KHOMOTSO MOLOTO, Fashion Editor 

The AW 2018 season of SAFW started off with a bang as the Woolworths Style by SA shut down Day 1 with the captivating collections by local designers such as Thebe Magugu and Rich Mnisi.

A few new brands were introduced to the Style by SA collection, bringing about a great sense of diversity with the likes of Ephymol, Droomer and Gert Johan Coetzee.

However the menswear's collections all round seemed to be much stronger this season: Ephymol was one of my favourites coming through with the perfect 70s suits, warm earthy tones with a touch of just the right amount of prints. Newcomer Watermelon Social Club, who showcased an installation, was another favourite with perfectly tailored trousers and hypnotising prints.

SHARON BECKER, Fashion Director

Thebe Magugu started off fashion week on a high note with his solo collection of feminine and irresistibly wearable silhouettes. The menswear collections were a highlight of the week with Floyd Avenue and Beware The Wolf In Sheep’s Clothing, making it to the top of my favourite shows. Andrew Chandler’s return to the runway with Beware The Wolf In Sheep’s Clothing didn’t disappoint with its rich textured fabrication and draping detailing.

NOTHEMBA MKHONDO, Features Writer

As the last fashion week of the year, the energy at SAFW was at an all time high and as I watched the new season shows unfold on the runway, I couldn’t help but simultaneously reflect on the last year of local fashion and be reaffirmed that young designers and menswear designers are the true heroes of the AW18 season and the year as a whole. Season after season, young designers and menswear step up to the plate with collections worthy of international audiences and this season again Thebe Magugu and Rich Mnisi held their spot as two of my favourite local designers, with their vibrant and playful, yet wearable collections. Style by SA remains a highlight of SA Fashion Week, more so this season with the addition of Droomer and Sindiso Khumalo to the line up. The menswear collections didn’t disappoint this season with Floyd Avenue, De Mil and d.o.p.e, showing us that South African menswear designers have a lot to offer to the growing SA industry.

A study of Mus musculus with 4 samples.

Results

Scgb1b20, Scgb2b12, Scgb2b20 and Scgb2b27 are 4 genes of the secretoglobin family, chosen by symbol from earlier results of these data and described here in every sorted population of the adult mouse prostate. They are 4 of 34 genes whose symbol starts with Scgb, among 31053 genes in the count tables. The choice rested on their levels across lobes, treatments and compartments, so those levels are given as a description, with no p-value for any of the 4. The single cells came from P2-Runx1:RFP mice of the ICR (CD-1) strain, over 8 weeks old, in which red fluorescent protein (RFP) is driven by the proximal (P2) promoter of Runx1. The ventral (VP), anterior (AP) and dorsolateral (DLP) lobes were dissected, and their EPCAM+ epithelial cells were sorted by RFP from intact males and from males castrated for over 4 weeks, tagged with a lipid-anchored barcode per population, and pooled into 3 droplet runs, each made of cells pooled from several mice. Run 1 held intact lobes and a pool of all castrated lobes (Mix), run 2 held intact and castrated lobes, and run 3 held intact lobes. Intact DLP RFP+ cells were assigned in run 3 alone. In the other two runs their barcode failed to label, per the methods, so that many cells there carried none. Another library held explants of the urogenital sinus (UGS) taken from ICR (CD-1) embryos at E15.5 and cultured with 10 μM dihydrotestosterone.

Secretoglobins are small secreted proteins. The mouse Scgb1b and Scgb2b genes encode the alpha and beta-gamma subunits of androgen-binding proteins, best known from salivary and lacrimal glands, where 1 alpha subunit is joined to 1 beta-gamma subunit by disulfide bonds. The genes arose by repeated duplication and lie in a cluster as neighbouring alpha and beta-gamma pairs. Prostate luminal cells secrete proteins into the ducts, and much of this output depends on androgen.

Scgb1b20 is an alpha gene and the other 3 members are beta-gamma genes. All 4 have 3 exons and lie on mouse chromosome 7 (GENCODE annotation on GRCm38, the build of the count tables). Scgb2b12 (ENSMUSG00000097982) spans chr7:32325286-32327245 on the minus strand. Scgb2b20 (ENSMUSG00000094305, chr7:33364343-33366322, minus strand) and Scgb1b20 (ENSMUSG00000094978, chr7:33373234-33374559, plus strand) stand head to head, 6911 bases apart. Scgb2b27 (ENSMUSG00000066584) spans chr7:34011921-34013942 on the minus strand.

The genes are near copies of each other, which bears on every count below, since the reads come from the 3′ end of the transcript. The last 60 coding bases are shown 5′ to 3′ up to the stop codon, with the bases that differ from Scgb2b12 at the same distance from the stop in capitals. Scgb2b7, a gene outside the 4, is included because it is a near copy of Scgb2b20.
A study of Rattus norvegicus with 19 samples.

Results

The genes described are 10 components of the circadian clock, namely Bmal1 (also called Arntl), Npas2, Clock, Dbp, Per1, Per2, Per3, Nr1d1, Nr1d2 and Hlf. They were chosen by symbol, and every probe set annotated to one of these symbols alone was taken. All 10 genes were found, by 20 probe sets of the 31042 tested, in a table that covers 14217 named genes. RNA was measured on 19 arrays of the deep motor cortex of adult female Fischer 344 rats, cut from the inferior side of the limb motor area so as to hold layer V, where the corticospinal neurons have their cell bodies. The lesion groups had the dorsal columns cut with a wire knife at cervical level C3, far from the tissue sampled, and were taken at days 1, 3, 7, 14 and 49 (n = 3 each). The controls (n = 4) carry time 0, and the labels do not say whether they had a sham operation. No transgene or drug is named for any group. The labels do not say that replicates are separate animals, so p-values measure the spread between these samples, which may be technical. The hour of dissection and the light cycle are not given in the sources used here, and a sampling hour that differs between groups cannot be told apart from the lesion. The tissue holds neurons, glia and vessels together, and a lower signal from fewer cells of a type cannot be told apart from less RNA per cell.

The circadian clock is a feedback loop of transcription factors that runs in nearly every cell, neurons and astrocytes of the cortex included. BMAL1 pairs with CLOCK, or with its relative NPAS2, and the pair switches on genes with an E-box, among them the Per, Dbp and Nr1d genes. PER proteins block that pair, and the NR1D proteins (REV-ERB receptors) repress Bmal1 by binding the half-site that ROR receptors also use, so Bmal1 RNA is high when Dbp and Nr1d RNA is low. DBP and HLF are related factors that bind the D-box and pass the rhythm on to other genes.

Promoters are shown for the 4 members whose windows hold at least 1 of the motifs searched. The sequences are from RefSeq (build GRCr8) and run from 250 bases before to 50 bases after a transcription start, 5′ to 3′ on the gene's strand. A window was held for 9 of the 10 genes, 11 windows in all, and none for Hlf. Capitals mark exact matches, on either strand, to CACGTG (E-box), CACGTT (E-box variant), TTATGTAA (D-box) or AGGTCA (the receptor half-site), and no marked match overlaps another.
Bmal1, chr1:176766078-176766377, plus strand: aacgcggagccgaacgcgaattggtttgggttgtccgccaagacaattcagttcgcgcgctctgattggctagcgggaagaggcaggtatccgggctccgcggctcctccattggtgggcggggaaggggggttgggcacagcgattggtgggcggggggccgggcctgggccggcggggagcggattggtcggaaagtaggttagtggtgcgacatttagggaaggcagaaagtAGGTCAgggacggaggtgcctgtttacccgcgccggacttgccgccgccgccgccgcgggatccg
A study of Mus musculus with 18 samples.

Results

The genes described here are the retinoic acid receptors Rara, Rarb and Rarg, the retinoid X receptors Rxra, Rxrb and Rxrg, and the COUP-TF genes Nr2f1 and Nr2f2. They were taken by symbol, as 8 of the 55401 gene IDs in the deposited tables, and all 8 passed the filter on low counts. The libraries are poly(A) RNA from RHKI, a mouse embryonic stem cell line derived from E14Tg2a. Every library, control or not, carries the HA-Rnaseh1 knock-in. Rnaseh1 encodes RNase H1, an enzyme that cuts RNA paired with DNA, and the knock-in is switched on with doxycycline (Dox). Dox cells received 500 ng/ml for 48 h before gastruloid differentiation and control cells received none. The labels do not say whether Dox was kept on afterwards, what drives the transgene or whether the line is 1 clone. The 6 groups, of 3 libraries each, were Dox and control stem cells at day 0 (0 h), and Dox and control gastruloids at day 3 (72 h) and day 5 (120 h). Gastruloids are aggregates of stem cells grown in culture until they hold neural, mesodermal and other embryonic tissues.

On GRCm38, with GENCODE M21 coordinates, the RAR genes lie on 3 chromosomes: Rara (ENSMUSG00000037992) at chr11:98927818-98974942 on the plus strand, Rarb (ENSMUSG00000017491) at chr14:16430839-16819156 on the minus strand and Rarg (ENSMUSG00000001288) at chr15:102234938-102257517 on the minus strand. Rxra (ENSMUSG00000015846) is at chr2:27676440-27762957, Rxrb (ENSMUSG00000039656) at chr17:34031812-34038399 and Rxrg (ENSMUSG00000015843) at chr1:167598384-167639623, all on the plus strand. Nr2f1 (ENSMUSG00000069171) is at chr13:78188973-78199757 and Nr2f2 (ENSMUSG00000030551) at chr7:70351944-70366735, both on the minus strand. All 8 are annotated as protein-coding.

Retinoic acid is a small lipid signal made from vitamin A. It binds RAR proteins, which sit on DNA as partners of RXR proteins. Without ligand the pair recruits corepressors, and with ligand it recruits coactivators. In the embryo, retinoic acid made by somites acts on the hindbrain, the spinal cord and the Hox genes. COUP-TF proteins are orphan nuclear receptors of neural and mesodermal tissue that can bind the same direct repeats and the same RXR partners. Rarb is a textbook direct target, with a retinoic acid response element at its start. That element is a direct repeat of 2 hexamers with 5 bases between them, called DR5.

NOKUBONGA THUSI, Beauty Editor

Beauty this season had a very minimalistic approach with skin being the hero and features being used to punctuate the glowing canvas.  The beauty looks at the Style by SA, Gert-Johan Coetzee and Sunglasshut New Talent shows were ultimate resort goals with monochromatic deep pink flushes worn all over the face on cheeks, temples, eyes and lips or just focusing on one feature. It was super easy and completely wearable for any woman. 

The use of colour was more considered this season with placement of bright colour being crucial in the differentiation between garish and refined. The Thebe Magugu show gave us a beautiful cyan lined waterline that really popped set against a neutral, illuminated face. The eye look at Ekta, Sheila Madge and T-Niche gave me the idea of exaggerated, almost cartoon-like highlighting. The eyes were awash with molten black while the brow bone and the inner corners of the eyes were painted with a liquid gold pigment, giving off the most intense refection of light.  A mix between winter and summer, the glossy lips at Sies Isabelle, a wine red that had an almost “just bitten” appeal to them, made them perfect for summer as precision application became optional - making the glossy dark lip that we saw in AW17 a lot more effortless. 

Hair also had some shining moments this season with dual textured hair still being a delight to see on the runway. The New Talent Search show put a retro spin on the usual ultra sleek, lacquered wet-look. The hair was subtly slicked back with a tiny amount of gel to give it a more flexible looking hold and the rest of the hair was done into voluminous, loosely combed out waves. I preferred this version of wet hair for the summer, as it had a playfulness to it and gave the more leeway to restyling. Though most hair was beautifully tailored to our season, in terms of being wearable and the textures, I did feel that there still needs to be more local interpretations of the beauty looks, and not direct copies of the trend. I loved the inspirations taken from international runway trends such as the high bun with the corn rowed back from Dior Spring RTW 2016 but I would have love to have seen a South African spin on the look instead of giving us something that we had already seen.